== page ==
Many sources including South Korea's news agency Yonhap are reporting that a hacker group has threatened to launch a DDoS attack against seven South Korean banks unless they pay about 360 million won (US$315,000) in bitcoin. The hacker group, known as Armada Collective, has threatened KB Kookmin Bank, Shinhan Bank, Woori Bank, KEB Hana Bank, NH Bank and two other lenders. Zeljka Zorz reporting in Help Net Security writes: "Choi Sang-Myung, a researcher at South Korean's Hauri Labs, noted that these latest threats might have been a consequence of the recent successful extortion attempt of South Korean web hosting provider Nayana. ... The deadline for the announced attacks was this Monday. The websites of the aforementioned banks are online and working, but whether it's because they paid the requested amount or because they managed to twart the DDoS attacks is impossible to tell."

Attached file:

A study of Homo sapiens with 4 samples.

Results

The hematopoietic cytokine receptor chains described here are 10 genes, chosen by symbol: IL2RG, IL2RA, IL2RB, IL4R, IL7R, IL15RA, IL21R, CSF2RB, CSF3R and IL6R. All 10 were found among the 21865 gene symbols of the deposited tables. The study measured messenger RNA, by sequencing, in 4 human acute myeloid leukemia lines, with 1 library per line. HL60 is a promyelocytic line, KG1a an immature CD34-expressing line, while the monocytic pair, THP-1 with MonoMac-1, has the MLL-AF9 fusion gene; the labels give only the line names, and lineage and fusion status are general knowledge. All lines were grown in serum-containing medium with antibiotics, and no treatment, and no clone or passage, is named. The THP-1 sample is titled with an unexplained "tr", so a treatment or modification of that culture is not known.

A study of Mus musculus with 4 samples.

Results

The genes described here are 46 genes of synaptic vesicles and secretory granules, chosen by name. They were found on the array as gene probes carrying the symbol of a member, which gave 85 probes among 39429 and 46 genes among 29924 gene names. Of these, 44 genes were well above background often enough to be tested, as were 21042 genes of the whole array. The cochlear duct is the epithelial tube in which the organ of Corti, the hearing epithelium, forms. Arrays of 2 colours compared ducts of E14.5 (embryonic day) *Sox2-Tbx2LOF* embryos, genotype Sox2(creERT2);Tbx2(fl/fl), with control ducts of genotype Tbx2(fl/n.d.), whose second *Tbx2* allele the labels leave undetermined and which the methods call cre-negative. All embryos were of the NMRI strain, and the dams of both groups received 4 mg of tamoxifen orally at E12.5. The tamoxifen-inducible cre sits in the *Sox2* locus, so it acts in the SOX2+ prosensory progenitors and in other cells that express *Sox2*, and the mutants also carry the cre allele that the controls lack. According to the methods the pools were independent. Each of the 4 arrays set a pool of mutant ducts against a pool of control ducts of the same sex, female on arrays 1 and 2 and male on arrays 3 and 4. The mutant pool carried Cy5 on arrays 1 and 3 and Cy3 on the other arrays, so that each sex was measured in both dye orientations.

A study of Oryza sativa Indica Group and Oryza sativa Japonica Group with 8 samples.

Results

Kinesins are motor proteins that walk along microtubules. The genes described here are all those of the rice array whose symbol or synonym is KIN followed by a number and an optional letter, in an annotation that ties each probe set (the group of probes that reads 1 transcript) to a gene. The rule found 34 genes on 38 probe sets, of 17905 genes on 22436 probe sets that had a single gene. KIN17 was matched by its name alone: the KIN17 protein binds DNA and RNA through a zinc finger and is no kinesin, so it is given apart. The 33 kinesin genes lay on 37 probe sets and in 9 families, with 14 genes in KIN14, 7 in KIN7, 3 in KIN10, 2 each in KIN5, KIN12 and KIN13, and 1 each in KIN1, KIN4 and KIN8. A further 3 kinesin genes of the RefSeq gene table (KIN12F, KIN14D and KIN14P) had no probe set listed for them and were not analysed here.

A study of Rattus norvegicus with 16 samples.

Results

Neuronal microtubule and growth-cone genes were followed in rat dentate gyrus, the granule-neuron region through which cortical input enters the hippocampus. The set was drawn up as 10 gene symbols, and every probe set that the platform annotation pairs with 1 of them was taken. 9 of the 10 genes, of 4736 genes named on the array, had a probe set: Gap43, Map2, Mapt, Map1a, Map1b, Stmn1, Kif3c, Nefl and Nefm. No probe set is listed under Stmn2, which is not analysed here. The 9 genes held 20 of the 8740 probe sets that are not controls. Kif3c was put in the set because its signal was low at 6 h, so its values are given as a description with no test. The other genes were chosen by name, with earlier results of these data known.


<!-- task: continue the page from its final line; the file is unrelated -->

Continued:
Update: New report from BBC, "Global ransomware attack causes chaos ... Companies across the globe are reporting that they have been struck by a major ransomware cyber-attack. ... Experts suggest the malware is taking advantage of the same weaknesses used by the Wannacry attack last month. ... Kaspersky Lab reported that it believed the malware was a 'new ransomware that has not been seen before' despite its resemblance to Petya."

Petya is a ransomware with an evil twist: F-Secure: "Instead of encrypting files on disk, it will lock the entire disk, rendering it pretty much useless. Specifically, it will encrypt the filesystem’s master file table (MFT), which means the operating system is not able to locate files. It installs itself to the disk’s master boot record (MBR) like a bootkit. But instead of covert actions, it displays a red screen with instructions on how to restore the system."

"A South Korean hosting firm just paid $1m to get their data back and that's a huge incentive. It's the biggest incentive you could offer to a cyber-criminal." Andrei Barysevich at security firm Recorded Future told BBC


Buying or Selling IPv4 Addresses?

Watch this video to discover how ACCELR/8, a transformative trading platform developed by industry veterans Marc Lindsey and Janine Goodman, enables organizations to buy or sell IPv4 blocks as small as /20s.